Issue - meetings

Application for Film Classification under the Licensing Act 2003

Meeting: 15/02/2019 - Licensing Panel (Item 369)

369 Application for Film Classification under the Licensing Act 2003 pdf icon PDF 81 KB

Additional documents:


The Licencing and Compliance Officer introduced the item which was to consider and determine an application to classify a film.


The film in question was Mary Queen of Scots. The title has been rated by the BBFC as a 15 certificate. The applicant was requesting that children under the age of 24 months be admitted to the screening with their parents at a special screening of the film.


The Licencing and Compliance Officer clarified to the panel the licencing objectives and debate ensued.


The panel were concerned that at 24 months old, a child may be receptive to the content of the film, and members considered whether the 24 months old age should be reduced.


Councillor Annison moved the motion to approve the application to classify the film but with the new condition that children were only admitted if they were under the age of 12 months.


This motion was seconded by Councillor Christine Smith.


A vote followed, 3 voted in favour of the motion, 0 against and 0 abstentions.


The motion was carried.




‘Mary Queen of Scots’ certificate 15 as certified by the British Board of Film Classification – but allowing the admittance of children under the age of 12 months as accompanied by a parent or carer.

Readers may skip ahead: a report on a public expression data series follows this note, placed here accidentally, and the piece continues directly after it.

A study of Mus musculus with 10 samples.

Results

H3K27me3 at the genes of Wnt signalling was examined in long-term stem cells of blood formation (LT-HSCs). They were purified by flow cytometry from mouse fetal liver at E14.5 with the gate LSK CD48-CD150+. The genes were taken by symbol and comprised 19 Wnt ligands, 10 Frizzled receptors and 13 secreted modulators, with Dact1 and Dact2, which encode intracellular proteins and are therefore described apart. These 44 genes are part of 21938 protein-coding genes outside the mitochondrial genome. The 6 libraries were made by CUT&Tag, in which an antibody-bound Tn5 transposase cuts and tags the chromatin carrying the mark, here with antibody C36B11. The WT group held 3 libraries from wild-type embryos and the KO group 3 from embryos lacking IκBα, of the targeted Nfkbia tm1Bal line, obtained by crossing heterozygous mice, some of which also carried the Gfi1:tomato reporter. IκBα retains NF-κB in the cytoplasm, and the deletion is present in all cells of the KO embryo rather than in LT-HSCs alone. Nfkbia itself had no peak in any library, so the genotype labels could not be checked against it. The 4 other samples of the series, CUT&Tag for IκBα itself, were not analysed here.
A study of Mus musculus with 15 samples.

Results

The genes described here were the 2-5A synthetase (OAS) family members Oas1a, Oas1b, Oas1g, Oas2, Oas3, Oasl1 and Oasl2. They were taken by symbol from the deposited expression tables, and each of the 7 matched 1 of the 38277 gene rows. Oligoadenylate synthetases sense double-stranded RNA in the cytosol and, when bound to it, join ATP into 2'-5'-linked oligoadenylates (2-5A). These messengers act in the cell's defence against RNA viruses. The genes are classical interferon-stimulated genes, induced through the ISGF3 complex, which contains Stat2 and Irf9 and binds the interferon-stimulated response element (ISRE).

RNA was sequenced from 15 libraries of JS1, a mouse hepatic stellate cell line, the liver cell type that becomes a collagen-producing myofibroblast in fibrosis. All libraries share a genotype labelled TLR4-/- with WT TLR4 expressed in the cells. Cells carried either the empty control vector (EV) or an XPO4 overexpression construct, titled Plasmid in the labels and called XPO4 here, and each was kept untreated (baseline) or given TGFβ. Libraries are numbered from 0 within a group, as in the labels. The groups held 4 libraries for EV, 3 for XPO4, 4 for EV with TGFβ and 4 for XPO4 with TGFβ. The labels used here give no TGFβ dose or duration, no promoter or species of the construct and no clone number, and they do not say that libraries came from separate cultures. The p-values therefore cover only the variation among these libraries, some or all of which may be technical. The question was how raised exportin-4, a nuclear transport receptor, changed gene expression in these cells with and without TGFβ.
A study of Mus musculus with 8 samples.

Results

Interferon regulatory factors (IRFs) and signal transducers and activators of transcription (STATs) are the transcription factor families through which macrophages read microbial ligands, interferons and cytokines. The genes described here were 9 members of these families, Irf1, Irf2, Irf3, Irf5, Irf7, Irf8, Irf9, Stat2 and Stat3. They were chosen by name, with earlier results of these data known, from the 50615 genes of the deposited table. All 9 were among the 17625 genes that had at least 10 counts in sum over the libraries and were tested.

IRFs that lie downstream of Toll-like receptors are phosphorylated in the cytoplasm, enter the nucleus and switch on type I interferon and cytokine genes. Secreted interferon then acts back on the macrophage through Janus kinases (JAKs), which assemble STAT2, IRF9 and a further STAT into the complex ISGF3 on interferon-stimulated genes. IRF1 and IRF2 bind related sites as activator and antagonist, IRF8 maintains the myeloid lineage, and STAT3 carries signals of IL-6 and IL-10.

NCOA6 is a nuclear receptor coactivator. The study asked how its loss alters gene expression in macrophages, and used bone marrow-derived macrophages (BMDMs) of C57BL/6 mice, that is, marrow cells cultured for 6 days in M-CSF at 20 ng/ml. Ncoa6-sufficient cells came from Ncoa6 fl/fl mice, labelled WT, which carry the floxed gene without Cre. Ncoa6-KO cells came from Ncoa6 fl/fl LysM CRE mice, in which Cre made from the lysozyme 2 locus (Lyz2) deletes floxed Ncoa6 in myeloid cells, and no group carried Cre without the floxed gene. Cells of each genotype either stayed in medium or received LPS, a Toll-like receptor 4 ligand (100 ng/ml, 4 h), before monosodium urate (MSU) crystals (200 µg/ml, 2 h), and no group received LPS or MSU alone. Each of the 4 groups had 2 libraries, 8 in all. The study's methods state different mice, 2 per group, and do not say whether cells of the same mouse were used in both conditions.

Reasons for the Decision


In reaching its decision, the Licensing Panel considered the information outlined by the Licensing and Compliance Officer, the information laid out in the report and the BBFC Insight Publication dated 8 January 2019. The Panel also had regard to the British Board of Film Classification Guidelines, the guidance issued by the Secretary of State under section 182 of the Licensing Act 2003 and the Council’s Statement of Licensing Policy. The Panel noted the guidelines, guidance and policy were silent on such a classification to allow such special screenings where babies and toddlers are present. Therefore the overriding objective of the protection of children from harm remained its principle consideration.


The Committee sought to balance the promotion of the licensing objectives while seeking to ensure the film reached the widest audience appropriate. The Panel’s reason for the decision was that they found the film to contain scenes of violence, sexual violence and scenes of a sexual nature, such that it would be unsuitable for admittance for those between 13 and 24 months due to the receptive nature of children of this age.